WASHINGTON Jan 31 President Barack Obama will
meet on Friday with a group of chief executive officers who have
agreed to make sure their companies do not rule out hiring
people just because their resumes show they have been out of
work for a while.
More than 300 companies have agreed to a one-page list of
"best practices" for recruiting and hiring people from the ranks
of the long-term unemployed - a group that has struggled to find
work in spite of an otherwise improved economy.
"It's saying that those who are long-term unemployed should
get a fair shot," said Gene Sperling, Obama's top economic
The U.S. jobless rate has remained stubbornly high at 6.7
percent, but Sperling told reporters the rate would be closer to
5 percent were it not for the roadblocks to finding work for
those unemployed for six months or more.
"We are trying to address what we feel is the heart of that
negative cycle, which is the potential stigmatization of people
merely for the sake that they are long-term unemployed," said
Sperling, director of the National Economic Council.
The meeting is part of Obama's pledge to do what he can on
the economy despite a reluctance by Republicans in Congress to
agree with other parts of his plan.
Obama has tried, but so far failed, to convince Congress to
extend jobless benefits for people who have been unsuccessfully
seeking work for more than six months.
Benefits for 1.6 million Americans have expired since the
end of 2013, numbers that could swell to 4.9 million people by
the end of 2014 unless legislation is passed.
A study published this year by researchers from the
University of Toronto, McGill University and the University of
Chicago helped convince the White House to act.
The researchers used 12,000 fictitious resumes to respond to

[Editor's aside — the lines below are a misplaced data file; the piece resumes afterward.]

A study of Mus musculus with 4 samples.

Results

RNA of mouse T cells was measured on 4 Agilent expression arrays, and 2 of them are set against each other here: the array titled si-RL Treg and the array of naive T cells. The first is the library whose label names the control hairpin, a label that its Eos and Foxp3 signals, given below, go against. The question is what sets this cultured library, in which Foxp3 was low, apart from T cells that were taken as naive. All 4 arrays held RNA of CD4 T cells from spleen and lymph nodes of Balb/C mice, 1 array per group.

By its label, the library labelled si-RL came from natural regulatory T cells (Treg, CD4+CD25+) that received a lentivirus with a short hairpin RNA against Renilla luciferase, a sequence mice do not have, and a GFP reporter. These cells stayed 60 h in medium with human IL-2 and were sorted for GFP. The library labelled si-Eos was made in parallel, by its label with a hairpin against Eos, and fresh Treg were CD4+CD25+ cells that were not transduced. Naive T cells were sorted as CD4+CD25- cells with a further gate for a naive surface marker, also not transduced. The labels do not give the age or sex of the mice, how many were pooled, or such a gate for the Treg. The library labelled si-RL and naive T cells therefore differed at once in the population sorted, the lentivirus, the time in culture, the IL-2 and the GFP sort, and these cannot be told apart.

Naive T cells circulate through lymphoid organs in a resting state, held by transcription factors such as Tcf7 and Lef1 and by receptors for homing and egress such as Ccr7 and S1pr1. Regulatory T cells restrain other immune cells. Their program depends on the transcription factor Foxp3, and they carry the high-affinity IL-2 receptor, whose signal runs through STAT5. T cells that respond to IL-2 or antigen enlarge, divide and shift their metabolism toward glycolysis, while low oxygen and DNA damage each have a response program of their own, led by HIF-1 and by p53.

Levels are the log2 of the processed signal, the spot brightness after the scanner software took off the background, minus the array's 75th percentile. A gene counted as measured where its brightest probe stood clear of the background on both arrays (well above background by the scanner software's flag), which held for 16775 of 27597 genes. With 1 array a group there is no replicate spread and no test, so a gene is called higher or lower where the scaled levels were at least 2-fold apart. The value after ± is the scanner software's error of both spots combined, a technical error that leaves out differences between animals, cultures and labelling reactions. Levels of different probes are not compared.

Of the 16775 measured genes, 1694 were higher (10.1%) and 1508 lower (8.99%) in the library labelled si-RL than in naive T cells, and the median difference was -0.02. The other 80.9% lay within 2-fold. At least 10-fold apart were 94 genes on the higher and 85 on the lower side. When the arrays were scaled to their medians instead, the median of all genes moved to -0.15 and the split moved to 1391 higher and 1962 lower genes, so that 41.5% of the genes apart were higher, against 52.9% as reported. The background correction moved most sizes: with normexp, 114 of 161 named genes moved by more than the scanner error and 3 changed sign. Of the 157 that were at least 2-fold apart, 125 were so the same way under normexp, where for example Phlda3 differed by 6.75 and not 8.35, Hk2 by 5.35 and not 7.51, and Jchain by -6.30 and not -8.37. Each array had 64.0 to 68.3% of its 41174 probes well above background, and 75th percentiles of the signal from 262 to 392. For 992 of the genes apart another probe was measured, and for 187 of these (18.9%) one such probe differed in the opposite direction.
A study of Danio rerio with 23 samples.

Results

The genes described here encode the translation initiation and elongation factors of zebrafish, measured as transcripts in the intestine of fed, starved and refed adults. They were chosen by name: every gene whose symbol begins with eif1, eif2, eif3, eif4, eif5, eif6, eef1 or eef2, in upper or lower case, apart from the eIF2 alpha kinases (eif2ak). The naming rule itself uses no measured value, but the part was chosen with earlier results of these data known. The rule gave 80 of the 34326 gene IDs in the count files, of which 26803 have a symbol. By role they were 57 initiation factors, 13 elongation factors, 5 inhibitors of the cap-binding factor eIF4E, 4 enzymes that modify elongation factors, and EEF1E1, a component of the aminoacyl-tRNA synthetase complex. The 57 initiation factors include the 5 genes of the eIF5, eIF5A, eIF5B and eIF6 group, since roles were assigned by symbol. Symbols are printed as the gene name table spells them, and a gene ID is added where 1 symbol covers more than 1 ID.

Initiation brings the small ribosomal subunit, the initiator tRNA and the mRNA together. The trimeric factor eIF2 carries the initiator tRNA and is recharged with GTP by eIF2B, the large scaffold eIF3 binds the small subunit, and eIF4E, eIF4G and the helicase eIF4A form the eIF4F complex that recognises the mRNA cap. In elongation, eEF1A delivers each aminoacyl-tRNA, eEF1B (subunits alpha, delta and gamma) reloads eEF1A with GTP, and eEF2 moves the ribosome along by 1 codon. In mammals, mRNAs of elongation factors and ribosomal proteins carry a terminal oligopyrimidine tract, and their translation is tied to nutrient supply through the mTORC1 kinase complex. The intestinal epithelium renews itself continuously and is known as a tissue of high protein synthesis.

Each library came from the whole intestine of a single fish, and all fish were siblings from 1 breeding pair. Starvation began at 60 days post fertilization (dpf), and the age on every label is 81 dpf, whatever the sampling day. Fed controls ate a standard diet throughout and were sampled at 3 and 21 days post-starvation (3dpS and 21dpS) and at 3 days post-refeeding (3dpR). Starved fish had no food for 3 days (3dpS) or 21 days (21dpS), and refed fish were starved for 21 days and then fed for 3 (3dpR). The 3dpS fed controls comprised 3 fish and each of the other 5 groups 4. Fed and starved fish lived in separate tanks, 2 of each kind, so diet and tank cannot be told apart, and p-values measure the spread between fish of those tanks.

real job openings in 100 cities. Some of the invented candidates
had been "unemployed" for only a short period, while others had
been out of work for months - but their work experience,
education and demographics were otherwise identical.
Applicants who had been out of work for eight months had 45
percent fewer callbacks from employers: "fairly decisive
evidence that merely the status of being long-term unemployed
serves as a disadvantage," Sperling said.
A second study from the Massachusetts Institute of
Technology found that someone unemployed for one month will get
one interview on average for every 10 job applications, while
someone out of work for seven months has to send 35 resumes to
get just one interview.
"It's very demoralizing to send out hundreds of resumes and
not get an interview," Sperling said.
Sperling began talking to business leaders in May about the
issues and he and Obama adviser Valerie Jarrett began
approaching businesses directly in the fall about committing to
review screens used to sort resumes, and other hiring practices
that shut out the long-term unemployed.
More than 80 of the largest U.S. businesses signed on,
including companies such as Apple Inc, Wal-Mart Stores
Inc, Ford Motor Co, General Motors Co,
Proctor & Gamble Co, JPMorgan Chase & Co and
Even media mogul Rupert Murdoch signed up his companies,
News Corp and Twenty-First Century Fox Inc,
after Sperling pitched him the concept.
"He responded directly by email to say he thought this was a
strong idea," Sperling said.
Obama on Friday will issue a presidential memorandum to
ensure the federal government adopts the same "best practices"
in its recruitment
He also will announce $150 million in grants for
public-private programs that help match the long-term unemployed
with local employers.
Will the pledges work? The White House said it did not have
a projection of how many people from the ranks of the
unemployment might be able to land an interview because of the
"I can't give you an exact number," Sperling said.
"But these are companies that employ millions and millions
and millions of people, and are going to be hiring more people,
and I think this is going to have a significant impact."